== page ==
A Gay Man Remembers His Awakening, as AIDS Shook His World

A Gay Man Remembers His Awakening, as AIDS Shook His World

The memoirist and novelist Paul Lisicky says that “versions” of his experiences in Provincetown, Mass. — the Cape Cod community renowned as an art colony and a thriving home for the L.G.B.T.Q. community — have appeared in his previous work. But his new book, “Later: My Life at the Edge of the World,” intimately and extensively recounts the time he spent there in the early 1990s, growing into his own, sexually and emotionally, in a community grappling with the AIDS epidemic. On one page, Lisicky remembers wondering: “How will I ever be able to leave this haven, so far from the repression and punishments of adulthood? Am I trapped in sweetness now?” And soon after, he’s describing the men who had come to Provincetown to live out their last days. “A retirement community,” he calls the town. “Say, Sun City, Ariz., but for young men in their 20s and 30s.” Below, Lisicky talks about the project’s false starts, learning not to suppress anger, his longtime love of Joni Mitchell’s music and more.

When did you first get the idea to write this book?

I started a version of it in 1997. I felt compelled at that moment to write about the community of Provincetown, and I didn’t know quite how to do it. The first version of the book was a novel, and I wrote maybe 75 pages. It wasn’t as multifaceted emotionally as it needed to be. It felt a little too neat and orderly, and the two people who saw it, politely and unpolitely, said “No.” And I was a little crushed, but I put it aside.

In 2015, my father became ill with pneumonia, and the sequence of his illness seemed really familiar to me from an earlier time, even though he was 91 years old and not H.I.V. positive. I needed a container for feeling. I had a residency at Yaddo about five weeks after my father died, and those years that had been present in my imagination for decades all of a sudden felt tangible to me. A lot of the energy was fueled by my confusion around my father’s death.

What’s the most surprising thing you learned while writing it?

I tried to surprise myself with every sentence. I didn’t want it to be simply an excavation of anything I already knew. I was trying to lean toward the unexpected, paragraph by paragraph. I knew if I didn’t find that energy, I would lose interest and the reader would lose interest.


It occurred to me that a lot of my previous work was invested in the management of feeling, and if the version of me I was writing about was confused or full of rage, I would find some way to process that emotion into something more palatable. This book on a certain level was about the tension between a performative emotion and raw feeling. I ended up giving myself permission to put more chaos on the page than I ever had before. A lot of queer people — a lot of people — are told to buck up, swallow your feelings, behave. And I think a lot about the cost of that. Suppressing hurt and rage — those are important social tools, and yet if we become champions at those social tools, all of that can come back and hurt us and have a cost on how we love, how we connect with our friends and partners.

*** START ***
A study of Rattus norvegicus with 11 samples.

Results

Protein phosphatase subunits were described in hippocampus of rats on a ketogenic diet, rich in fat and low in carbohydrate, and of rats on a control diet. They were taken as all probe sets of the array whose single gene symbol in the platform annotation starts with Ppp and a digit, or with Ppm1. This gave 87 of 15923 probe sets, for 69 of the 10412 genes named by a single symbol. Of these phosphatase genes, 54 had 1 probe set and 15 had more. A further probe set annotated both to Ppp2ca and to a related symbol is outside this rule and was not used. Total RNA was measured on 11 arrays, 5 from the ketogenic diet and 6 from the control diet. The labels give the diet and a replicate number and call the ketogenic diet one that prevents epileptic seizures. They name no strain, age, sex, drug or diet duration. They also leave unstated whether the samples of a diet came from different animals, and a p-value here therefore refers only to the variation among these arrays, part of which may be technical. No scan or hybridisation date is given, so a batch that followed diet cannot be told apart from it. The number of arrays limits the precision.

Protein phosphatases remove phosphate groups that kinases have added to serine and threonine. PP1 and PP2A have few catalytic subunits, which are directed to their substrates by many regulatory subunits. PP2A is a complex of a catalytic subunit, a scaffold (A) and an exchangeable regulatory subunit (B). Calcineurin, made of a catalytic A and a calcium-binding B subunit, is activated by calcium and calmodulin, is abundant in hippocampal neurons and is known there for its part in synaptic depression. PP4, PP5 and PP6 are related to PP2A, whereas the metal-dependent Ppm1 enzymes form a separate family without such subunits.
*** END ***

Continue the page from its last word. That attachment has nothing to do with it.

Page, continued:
In what way is the book you wrote different from the book you set out to write?

At a certain point, the energy stopped and whatever I was doing did not really feel authentic to the experience. I ended up putting it aside for some months. I came back to it and pulled it apart a bit and wrote something more immediate. I flipped it into the present tense and introduced some fragmentary sections that might function on the page as prose poems. It felt like the book I ended up writing could be a container for irreverence and dread and joy and rage.

I can’t write any memoir without envisioning that “I” as a constructed thing. My education was as a fiction writer, and I started writing fiction because I wanted to escape myself, I wanted to be someone else. I started writing nonfiction when it became clear to me that that voice is also a made thing, and in some way it has some correlation to the narrator in fiction. The “I” of one book should be a different “I” than in another book.

Who is a creative person (not a writer) who has influenced you and your work?

I first heard Joni Mitchell’s music when I was 10 years old, and I thought: Who’s that? What’s that? It wasn’t necessarily the sound of her voice — which felt distinctive — but I knew there was something unique about how her songs moved. My sense, even though I didn’t have the musical tools to articulate it, was that she was making up music on her own terms. I continue to love her work. It’s the meticulousness of it, the loyalty to idiosyncrasy, the respect for emotional complexity, the refusal to repeat one’s own rules or habits. She’s willing to be an amateur with each album and try to do something new. She’s probably changed my life like no other artist has, and I think of her all the time. There are nods to her in all of my books — not just in section titles, but in patches of images collaged throughout that only the most rabid fan could pick up.

Persuade someone to read “Later” in 50 words or less.

It’s about surviving on a day-to-day level during a time of emergency, and how one community pressed on when ongoingness wasn’t guaranteed. It’s a book of laughter, checking in, taking care of one another, failing at that but being awake and open to the next thing.

This interview has been condensed and edited.